Recent arguments on the Anti-Americanism in Korea were more based on the political change in Korea. Especially, when center-left government came to power, many conservatives argued that the US-ROK Alliance was in danger by the leftist regime in Korea. I would like to introduce their articles and criticize them.
• Victor D. Cha, “South Korea: Anchored or Adrift?” in Richard Ellings & AaronFriedberg (eds.), Strategic Asia 2003-04: Fragility and Crisis, pp. 109-129.
• Seung-Hwan Kim, “Anti-Americanism in Korea,” The Washington Quarterly vol.26, no. 1 (Winter 2002-03), pp. 109-122.
• Hahm Chaibong, “The Two South Koreas: A House Divided,” The WashingtonQuarterly Vol. 28, No.3 (Summer 2005), pp. 57-72.
Victor Cha argued that the alliance is deteriorated and South Korea is “seeking neutrality from the US and pursuing China as a new patron while unconditionally engaging North Korea.” He also claimed that “South Korea drifted away from the US by the issue of unification and such unification jitters have adversely impacted Seoul’s ability to form a common front toward North Korea with the US.” Seung-Hwan Kim asserted that “Anti-American sentiments have now spread into almost all strata of Korean society.” Hahm Chaibong even insisted that radical leftists who oppose capitalism and US-ROK alliance came to power with President Kim Dae-Jung and Roh Moo-hyun.
It is true that there was significant ideational change after the Sunshine policy and the summit between President Kim Dae-Jung and Kim Jung-Il in 2000. And following activities such as reunion of separated family, cultural exchanges, Kumgang mountain tour, economic cooperation brought substantial ideational change that both Koreas have many things in common and they should finish the 50 years of confrontation and achieve peaceful reunification. South Korean people also found that North Korea had some intention to reform their economy and end its isolation by the support of South Korea.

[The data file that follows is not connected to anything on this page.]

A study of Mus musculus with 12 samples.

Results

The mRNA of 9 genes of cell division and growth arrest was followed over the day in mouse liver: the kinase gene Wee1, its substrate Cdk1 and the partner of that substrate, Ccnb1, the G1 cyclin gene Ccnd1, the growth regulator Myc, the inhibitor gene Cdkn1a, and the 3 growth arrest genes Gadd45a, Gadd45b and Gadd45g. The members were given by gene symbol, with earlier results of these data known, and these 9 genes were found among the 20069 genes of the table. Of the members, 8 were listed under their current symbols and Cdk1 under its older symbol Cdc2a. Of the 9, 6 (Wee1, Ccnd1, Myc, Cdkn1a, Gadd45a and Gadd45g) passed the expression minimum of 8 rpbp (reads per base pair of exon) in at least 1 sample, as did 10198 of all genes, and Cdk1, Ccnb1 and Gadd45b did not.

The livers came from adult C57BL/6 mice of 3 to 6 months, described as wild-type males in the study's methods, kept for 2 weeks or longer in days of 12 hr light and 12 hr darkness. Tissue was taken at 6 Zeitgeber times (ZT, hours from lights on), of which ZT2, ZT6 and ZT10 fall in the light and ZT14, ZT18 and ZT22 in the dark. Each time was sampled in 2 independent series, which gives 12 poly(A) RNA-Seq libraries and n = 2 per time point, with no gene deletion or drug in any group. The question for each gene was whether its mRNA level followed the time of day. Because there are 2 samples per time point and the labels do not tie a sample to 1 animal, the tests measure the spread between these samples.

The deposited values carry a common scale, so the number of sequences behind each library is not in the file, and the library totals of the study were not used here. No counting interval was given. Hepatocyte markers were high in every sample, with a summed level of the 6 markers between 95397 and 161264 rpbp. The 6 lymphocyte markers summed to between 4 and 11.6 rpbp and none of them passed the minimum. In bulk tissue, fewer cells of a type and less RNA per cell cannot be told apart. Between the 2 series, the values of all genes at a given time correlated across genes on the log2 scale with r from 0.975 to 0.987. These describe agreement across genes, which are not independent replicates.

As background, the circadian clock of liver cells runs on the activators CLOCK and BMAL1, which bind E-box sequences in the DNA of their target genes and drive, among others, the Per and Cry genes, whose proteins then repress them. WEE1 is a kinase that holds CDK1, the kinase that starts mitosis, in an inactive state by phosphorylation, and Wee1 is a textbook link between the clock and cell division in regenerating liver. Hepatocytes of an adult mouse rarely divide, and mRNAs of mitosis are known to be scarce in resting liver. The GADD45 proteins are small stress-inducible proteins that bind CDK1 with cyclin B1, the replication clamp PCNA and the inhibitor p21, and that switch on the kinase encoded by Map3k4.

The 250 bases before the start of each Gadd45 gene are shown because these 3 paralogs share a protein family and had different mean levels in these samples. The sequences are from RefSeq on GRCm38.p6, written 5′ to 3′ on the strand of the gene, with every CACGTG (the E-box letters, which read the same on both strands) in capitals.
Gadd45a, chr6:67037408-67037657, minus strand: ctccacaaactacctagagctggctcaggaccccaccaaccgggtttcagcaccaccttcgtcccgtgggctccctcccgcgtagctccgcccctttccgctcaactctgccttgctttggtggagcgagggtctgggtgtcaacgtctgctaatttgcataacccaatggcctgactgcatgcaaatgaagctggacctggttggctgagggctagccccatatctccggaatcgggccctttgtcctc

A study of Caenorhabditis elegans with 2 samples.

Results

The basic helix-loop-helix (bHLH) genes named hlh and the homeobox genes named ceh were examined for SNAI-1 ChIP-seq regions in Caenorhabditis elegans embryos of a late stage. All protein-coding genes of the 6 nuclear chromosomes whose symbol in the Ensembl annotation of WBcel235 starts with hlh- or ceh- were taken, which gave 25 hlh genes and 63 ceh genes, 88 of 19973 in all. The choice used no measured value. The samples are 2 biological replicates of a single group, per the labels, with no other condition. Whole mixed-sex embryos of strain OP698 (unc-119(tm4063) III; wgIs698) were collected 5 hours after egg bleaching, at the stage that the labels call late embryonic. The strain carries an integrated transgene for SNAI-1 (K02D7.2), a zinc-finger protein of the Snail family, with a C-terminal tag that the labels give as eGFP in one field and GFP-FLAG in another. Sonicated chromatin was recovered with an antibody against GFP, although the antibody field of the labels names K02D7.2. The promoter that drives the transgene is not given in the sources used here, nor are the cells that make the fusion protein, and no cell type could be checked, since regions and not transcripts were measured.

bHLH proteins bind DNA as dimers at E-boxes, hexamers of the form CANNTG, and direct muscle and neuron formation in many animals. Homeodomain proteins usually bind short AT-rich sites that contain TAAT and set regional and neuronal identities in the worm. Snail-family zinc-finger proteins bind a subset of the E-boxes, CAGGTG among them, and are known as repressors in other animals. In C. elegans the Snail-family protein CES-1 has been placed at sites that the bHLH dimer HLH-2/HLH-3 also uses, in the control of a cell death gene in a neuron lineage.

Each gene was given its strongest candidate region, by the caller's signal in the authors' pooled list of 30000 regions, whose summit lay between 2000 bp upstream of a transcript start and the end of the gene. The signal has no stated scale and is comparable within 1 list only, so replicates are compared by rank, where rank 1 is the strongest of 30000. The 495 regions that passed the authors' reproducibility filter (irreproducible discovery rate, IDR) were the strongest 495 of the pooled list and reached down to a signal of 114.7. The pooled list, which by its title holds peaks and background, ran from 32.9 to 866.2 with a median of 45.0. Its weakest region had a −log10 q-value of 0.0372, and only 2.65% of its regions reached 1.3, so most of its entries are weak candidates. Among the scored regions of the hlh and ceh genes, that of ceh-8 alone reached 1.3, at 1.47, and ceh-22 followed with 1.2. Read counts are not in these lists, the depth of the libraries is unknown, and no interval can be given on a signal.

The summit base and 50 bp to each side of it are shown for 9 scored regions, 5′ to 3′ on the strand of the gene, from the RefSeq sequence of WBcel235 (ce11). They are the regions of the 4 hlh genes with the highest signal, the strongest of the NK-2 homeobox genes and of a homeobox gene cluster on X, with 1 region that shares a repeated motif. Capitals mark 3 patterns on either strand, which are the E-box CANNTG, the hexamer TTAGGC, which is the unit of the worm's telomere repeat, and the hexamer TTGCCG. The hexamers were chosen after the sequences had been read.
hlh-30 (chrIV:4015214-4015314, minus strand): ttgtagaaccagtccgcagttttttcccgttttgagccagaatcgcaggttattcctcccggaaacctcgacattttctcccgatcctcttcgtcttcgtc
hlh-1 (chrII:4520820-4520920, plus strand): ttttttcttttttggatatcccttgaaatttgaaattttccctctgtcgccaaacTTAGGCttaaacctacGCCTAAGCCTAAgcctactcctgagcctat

However, ideational change after the Sunshine policy did not lead to the Anti-Americanism or alliance adjustment. The US and South Korean government were very much in cooperation until the end of Clinton administration. President Clinton even said to Kim Dae-Jung that they would have resolved North Korean nuclear crisis, if he had one more year in the office. It was Bush administration and Neoconservatives who changed course of action and brought the discrepancies. In the summit between President Kim Dae-Jung and President Bush in April 2001, President Bush expressed his strong skepticism on the Sunshine policy, and he provoked Korean people with the rhetoric such as ‘the axis of evil’ and ‘the preemptive strike.’ Most of foreign people would be surprised that Koreans are not so much sensitive about North Korean nuclear plan and still maintain the sunshine policy, but, again, the worst scenario of all for the Korean people is not a nuclear North Korea (even though it is a very serous problem) but another war between two Koreas. And Bush administration’s approach toward North Korea was posing serious threat and enhancing the possibility of war in Korean peninsular. And after the death of two middle school girls by the US vehicle, and the acquittal of the US soldiers, the so called ‘Anti-Americanism’ began to rise. However it was not an ‘Anti-American sentiment’ but more ‘Anti-Bushism’ and the request for the revision of the SOFA which was revised in 60s and still has many unequal provisions.
So called ‘Anti-Americanism’ is exaggerated by the ‘alliance jitters’. It never leads to the serious consideration to adjust US-ROK Alliance. Ham Chaibong even depicted Kim Dae-Jung and Roh Moo-hyun as dangerous leftist but it is far from the reality. Kim adopted very conservative economic policy as the treatment of the financial Crisis and Roh became more realistic and even conservative after he became a president. He dispatched Korean soldiers (the third largest dispatch after the US and the UK) to Iraq in spite of strong domestic opposition and also pushed US-Korean Free Trade Agreement which is very controversial. Therefore progressive group even criticized that he betrayed his own constituency to strengthen the US-ROK alliance. And both Kim and Roh argued that the US forces should stay in Korean peninsular as a stabilizer even after the reunification. Also, there was strong counterattack from conservative groups after the second nuclear crisis in 2003. There was division between the ‘progressive and pro-unification group’ and the ‘conservative and anti-communist group’ and heated debate within society. It is more natural to go through such process if we consider the power shift and changes around the Korean peninsular. It was a swing of pendulum but the South Korean society soon found some equilibrium: continuation of the Sunshine policy and strong US-ROK alliance.